Letters for February 23, 2006

Right story, wrong writer

Re “Toy stories” by Sarah Sol and “Divine secrets of the Ben Wa sisterhood” by Jonathan Kiefer (SN&R Editor’s Note and Feature Story, February 9):

SN&R would’ve done better to have Sarah Sol write the main article for this issue. At the very least, Jonathan Kiefer should have requested that he use some of her stories.

Given the subject matter, Mr. Kiefer’s article was surprisingly soporific. While the history and overall business trajectory of Passion Parties are attention-grabbing footnotes, they don’t quite seem worthy of SN&R’s alternative-based (slightly eccentric) standards.

I’m sure Mr. Kiefer is a gifted writer; maybe this subject simply wasn’t a good match for him. To be fair, I was probably expecting something much different after reading the Editor’s Note. Ms. Sol’s short piece was vibrant and full of anecdotes that were both explicit and tasteful. I appreciate her contribution.

Kabir McKitrick
via e-mail

Pot, meet kettle … again

Re “Freedom Bites” (SN&R Bites, February 9):

Bites’ admission of SN&R’s receipt of letters demanding the publication of the incendiary Danish political cartoons struck me as darkly humorous. Even funnier was the indignant tone of said letters as they scolded SN&R for “refusing to uphold the values of free speech” and so on.

You may ask why this had me hooting derisive laughter. Last year at this time, many of these selfsame individuals who now so stalwartly wave the “free speech” banner were demanding the arrest and prosecution of a Land Park couple for making a similarly incendiary act of political commentary. (For those who don’t remember, these were the folks who made an effigy of an American soldier and hung it from a noose on their house in protest of the war in Iraq, an act very much protected by the First Amendment.)

This couple was subsequently subjected to lawsuits, acts of vandalism, assault and even death threats. They were demonized and humiliated on right-wing media nationwide. Right-wing political action committees and pundits protested that commentary of this nature “shouldn’t be covered by the First Amendment” and demanded their prosecution. Further, those who supported the Land Park couple’s right to free speech in this manner were decried as unpatriotic and “anti-American.”

Pot, meet Kettle. Kettle, meet Pot. Note the similarity of hue.

Let me state again, categorically, that supporting the right to freedom of expression means supporting the right of someone to express that which you hate, not just that with which you agree.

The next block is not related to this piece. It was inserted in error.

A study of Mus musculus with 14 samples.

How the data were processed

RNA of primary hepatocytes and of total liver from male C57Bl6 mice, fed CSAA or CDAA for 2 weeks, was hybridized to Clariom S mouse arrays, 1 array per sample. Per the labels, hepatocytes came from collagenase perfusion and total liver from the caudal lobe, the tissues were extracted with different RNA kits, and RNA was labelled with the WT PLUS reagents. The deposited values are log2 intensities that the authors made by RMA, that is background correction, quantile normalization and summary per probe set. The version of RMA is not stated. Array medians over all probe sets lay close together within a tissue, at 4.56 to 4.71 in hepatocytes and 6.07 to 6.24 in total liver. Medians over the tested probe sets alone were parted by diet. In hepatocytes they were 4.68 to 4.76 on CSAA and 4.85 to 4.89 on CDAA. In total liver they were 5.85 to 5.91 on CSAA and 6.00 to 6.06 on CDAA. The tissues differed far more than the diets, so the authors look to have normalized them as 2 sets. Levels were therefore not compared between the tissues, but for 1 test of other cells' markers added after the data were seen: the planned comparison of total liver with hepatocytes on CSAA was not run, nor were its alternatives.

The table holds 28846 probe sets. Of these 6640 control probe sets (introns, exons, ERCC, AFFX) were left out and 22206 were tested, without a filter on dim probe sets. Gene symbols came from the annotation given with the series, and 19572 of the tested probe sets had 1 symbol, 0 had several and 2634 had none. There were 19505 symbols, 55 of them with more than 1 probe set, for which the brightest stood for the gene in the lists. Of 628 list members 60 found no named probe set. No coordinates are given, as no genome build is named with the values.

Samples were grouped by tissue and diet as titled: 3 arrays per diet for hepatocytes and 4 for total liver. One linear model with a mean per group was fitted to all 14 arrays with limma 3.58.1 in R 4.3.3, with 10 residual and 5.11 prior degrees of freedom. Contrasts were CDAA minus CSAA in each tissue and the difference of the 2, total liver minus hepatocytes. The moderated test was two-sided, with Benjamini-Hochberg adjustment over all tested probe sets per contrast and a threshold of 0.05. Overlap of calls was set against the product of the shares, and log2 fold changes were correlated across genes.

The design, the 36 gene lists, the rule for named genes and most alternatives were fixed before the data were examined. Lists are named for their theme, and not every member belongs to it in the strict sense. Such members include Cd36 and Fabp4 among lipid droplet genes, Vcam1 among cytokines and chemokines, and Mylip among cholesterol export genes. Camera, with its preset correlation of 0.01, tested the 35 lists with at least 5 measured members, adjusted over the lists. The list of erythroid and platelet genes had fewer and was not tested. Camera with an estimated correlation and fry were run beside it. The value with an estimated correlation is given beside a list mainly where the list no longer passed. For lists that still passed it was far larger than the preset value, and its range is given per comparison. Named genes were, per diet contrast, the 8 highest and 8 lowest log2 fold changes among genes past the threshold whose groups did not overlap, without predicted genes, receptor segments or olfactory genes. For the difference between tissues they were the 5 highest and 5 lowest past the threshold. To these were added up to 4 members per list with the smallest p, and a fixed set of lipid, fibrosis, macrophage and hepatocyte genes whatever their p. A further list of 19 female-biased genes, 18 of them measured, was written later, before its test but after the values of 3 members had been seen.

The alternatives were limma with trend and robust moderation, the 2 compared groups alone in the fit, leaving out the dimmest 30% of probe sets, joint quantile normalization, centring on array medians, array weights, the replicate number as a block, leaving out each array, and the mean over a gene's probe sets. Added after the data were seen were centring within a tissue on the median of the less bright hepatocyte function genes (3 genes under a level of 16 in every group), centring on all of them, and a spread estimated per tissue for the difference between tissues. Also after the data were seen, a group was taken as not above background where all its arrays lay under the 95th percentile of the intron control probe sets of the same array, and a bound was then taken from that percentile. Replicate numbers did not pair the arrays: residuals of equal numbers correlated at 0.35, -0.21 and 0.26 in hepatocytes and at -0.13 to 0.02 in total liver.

Ethan Ireland

Pro-life questions …

Re “The morning after” by Rachel Gregg (SN&R News, February 9):

After 33 years of unlimited access to abortion in this country, why is there still such opposition to the execution of unborn children?

After all, if it is legal, why are Christians still speaking out for the defenseless child in the womb and the mother who keeps walking through the revolving door of Planned Parenthood over and over again? I think we have had enough time to prove that abortion is not a solution to the crisis of an unwanted pregnancy. We have more child abuse, more illegitimate births and more unwanted pregnancies than ever!

Perhaps it is time to listen to the “unsolicited advice” of the humble Wynette Sills, who warns that abortion hurts a woman physically, emotionally and spiritually for a lifetime. I have never known a woman who was talked out of an abortion who told me she regretted not killing her child. I have known many women who have regretted their abortions, but there is nothing that can be done other than offer them post-abortion counseling.

Most women who come to abortion clinics are desperate. Let’s ask ourselves where are their families, their partners, their spouses and their friends? Are they simply chanting, “It’s your choice”? Or are they truly putting it on the line, like Wynette does every time she offers hope for a mother in a crisis pregnancy? I just don’t see women leaving Planned Parenthood with smiles on their faces, declaring that they have been offered a plan to keep their child. Why not?

Margie Vopacke Reilly
via e-mail

… and anti-choice answers

Re “The morning after” by Rachel Gregg (SN&R News, February 9):

Just a few thoughts about the language of anti-choice.

First, it’s not an abortion clinic; it’s a health clinic. Three percent of what Planned Parenthood does is abortion-related services. That means 97 percent of its services are not related to abortion. That 97 percent includes but is not limited to: information, condoms, checkups, prescriptions, cancer screenings, STD tests, pregnancy tests, pre-natal exams, well-baby checkups and children’s inoculations.

Second, it’s not an unborn child; it’s a fetus, an embryo or a blastocyst.

Third, everyone is pro-life. I am pro-life and pro-choice. I am pro-life for that living, breathing, viable person who does not want to be pregnant. And, speaking of life, let’s talk about death: the death of women due to pregnancy. A woman is 11 times more likely to die from pregnancy and childbirth than from an abortion.

Finally, pro-choice is just that: in favor of women choosing whether or not to have a child. Some pro-choice advocates say they could never have abortions themselves but feel that each woman has the right to choose what to do with her body and her life.

Anti-choice advocates demand that women be controlled by their beliefs, regardless of the beliefs of the woman. They are not pro-life; they are anti-choice.

Marie Bain
via e-mail


Re “Living in cars” (SN&R Feature Story, February 16):

The names of officers Mark Zoulas and Mike Cooper were switched in the photo caption on page 23 of last week’s issue. We regret the error. This has been corrected on the Web site.